The lower Truckee River was once a remarkably productive ecosystem, teeming with migratory birds and a splendid fishery, including 40-pound Lahontan cutthroat trout. However, a century of man-made changes reduced this section of the Truckee to little more than a canal clogged with invasive weeds. Significant damage occurred as part of a 1960s flood control project when the channel was straightened and widened, cutting the river off from its floodplain. The result was a devastating loss of the cottonwood and willow riparian forest, native plants and shrubs, and large percentages of the migratory bird populations that relied on the Truckee.
The Nature Conservancy started restoration work on the lower Truckee River in 2002 at the McCarran Ranch to try and reverse the damages done and restore the Truckee to a winding, healthy river. Building on the success of the transformative restoration work done at McCarran Ranch, the Conservancy and its partners broadened their efforts, launching restoration construction at the 102 Ranch and Lockwood during the summer of 2008.
The benefits of restoration include:
- Water quality improvement
- Flood Attenuation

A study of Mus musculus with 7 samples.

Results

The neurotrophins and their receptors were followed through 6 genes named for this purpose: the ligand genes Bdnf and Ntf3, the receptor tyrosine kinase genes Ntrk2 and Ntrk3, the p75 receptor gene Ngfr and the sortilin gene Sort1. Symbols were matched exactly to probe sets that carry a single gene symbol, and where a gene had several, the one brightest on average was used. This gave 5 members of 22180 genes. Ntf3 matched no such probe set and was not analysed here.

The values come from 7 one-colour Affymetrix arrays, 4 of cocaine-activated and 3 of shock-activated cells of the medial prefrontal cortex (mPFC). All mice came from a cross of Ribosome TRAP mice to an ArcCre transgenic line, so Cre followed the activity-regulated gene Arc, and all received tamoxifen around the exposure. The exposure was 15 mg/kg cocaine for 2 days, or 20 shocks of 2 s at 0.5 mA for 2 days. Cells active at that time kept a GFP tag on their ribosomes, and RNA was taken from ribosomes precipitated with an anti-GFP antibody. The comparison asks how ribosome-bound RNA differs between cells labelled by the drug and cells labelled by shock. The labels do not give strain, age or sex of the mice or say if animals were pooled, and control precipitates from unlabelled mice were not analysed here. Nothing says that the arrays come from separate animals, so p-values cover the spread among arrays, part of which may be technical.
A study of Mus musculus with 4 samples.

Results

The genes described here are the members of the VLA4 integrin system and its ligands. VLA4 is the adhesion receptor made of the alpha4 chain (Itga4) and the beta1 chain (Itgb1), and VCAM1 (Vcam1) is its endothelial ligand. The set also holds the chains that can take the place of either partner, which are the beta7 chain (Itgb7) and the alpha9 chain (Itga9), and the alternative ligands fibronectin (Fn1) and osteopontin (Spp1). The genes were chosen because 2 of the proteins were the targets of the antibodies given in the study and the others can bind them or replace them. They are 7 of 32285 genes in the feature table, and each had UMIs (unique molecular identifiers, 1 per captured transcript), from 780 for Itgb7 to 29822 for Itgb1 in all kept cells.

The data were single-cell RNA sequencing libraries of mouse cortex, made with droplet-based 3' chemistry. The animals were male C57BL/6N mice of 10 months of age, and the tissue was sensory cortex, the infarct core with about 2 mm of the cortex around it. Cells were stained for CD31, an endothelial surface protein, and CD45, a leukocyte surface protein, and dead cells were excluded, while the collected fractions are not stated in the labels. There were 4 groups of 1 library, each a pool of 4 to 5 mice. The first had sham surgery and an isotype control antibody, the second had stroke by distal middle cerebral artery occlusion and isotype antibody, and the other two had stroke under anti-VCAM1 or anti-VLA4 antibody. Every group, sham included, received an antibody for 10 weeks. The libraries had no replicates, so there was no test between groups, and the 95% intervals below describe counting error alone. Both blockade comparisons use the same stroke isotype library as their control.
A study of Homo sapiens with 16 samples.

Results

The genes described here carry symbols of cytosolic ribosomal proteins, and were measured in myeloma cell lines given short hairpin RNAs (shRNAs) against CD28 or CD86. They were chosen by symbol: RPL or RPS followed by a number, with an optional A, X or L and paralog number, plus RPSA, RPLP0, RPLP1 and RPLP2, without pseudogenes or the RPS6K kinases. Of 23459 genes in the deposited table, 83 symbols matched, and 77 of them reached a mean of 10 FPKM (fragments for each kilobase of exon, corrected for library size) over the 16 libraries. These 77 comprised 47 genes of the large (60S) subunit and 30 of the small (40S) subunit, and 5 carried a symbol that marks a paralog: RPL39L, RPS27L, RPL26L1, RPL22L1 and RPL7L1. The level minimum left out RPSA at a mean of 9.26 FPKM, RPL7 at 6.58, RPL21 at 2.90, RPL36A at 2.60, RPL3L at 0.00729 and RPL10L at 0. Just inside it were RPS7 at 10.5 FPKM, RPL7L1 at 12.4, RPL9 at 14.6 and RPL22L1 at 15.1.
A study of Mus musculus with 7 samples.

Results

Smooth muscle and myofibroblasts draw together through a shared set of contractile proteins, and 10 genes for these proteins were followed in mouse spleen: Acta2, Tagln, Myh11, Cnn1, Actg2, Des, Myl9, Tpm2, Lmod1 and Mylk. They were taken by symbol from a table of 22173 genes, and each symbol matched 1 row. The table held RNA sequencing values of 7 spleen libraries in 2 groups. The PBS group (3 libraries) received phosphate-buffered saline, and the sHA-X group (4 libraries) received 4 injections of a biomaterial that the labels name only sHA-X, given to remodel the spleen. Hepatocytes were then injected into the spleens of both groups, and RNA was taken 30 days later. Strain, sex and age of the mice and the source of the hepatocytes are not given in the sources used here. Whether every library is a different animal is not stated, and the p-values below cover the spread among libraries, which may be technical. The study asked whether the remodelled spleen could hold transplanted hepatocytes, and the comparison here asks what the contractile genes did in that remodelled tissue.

- Wildlife Habitat Enhancement
- Open Space and Recreation
The restoration program consists of re-creating the physical and biological conditions that are natural for the river. By giving the Truckee the tools that it needs to function as a natural river, the ecosystem can recover and provide for the animals - and people - that depend on it. The four key components of restoration are:
- Creating wetlands to restore the diversity of habitats that once existed
- Building riffles – in-stream rock structures – to improve conditions for fish and insects
- Constructing new meanders that allow the river to flow in a curved, natural pattern and reconnect the river to its floodplain
- Revegetating the landscape with native plants to restore the riparian forest and displace invasive weeds that have taken over many areas.
The 102 Ranch, owned by the Bureau of Land Management, is located about 20 miles downstream of Reno, NV on the Truckee River. The restoration at the 102 Ranch included:
- Several new river meanders
- 6 riffles
- 5 wetlands
- 115 acres of revegetation
The Lockwood property, owned by Washoe County, is located about 10 miles downstream of Reno, NV on the Truckee River. The restoration at Lockwood included:
- 1 new river meander
- 8 riffles
- 2 wetlands
- 28 acres of revegetation
The Lockwood restoration project also includes recreational elements such as a non-motorized, multi-use trailhead, on-site parking, restroom facilities, picnic tables, and interpretive signs.
Truckee River Flood Project
Washoe and Storey Counties
Cities of Reno and Sparks
Nevada Department of Conservation and Natural Resources
Nevada Department of Wildlife
U.S. Army Corps of Engineers
U.S. Bureau of Reclamation
U.S. Fish and Wildlife Service
Pyramid Lake Paiute Tribe
Reno-Sparks Indian Colony
Picture morphing compilation video that shows the transformation of the Pilot Wetland during the restoration of the Truckee River.
See our work on a nine-year, eight-and-a-half-mile, $20 million restoration project to revitalize the river and its ecosystem in action.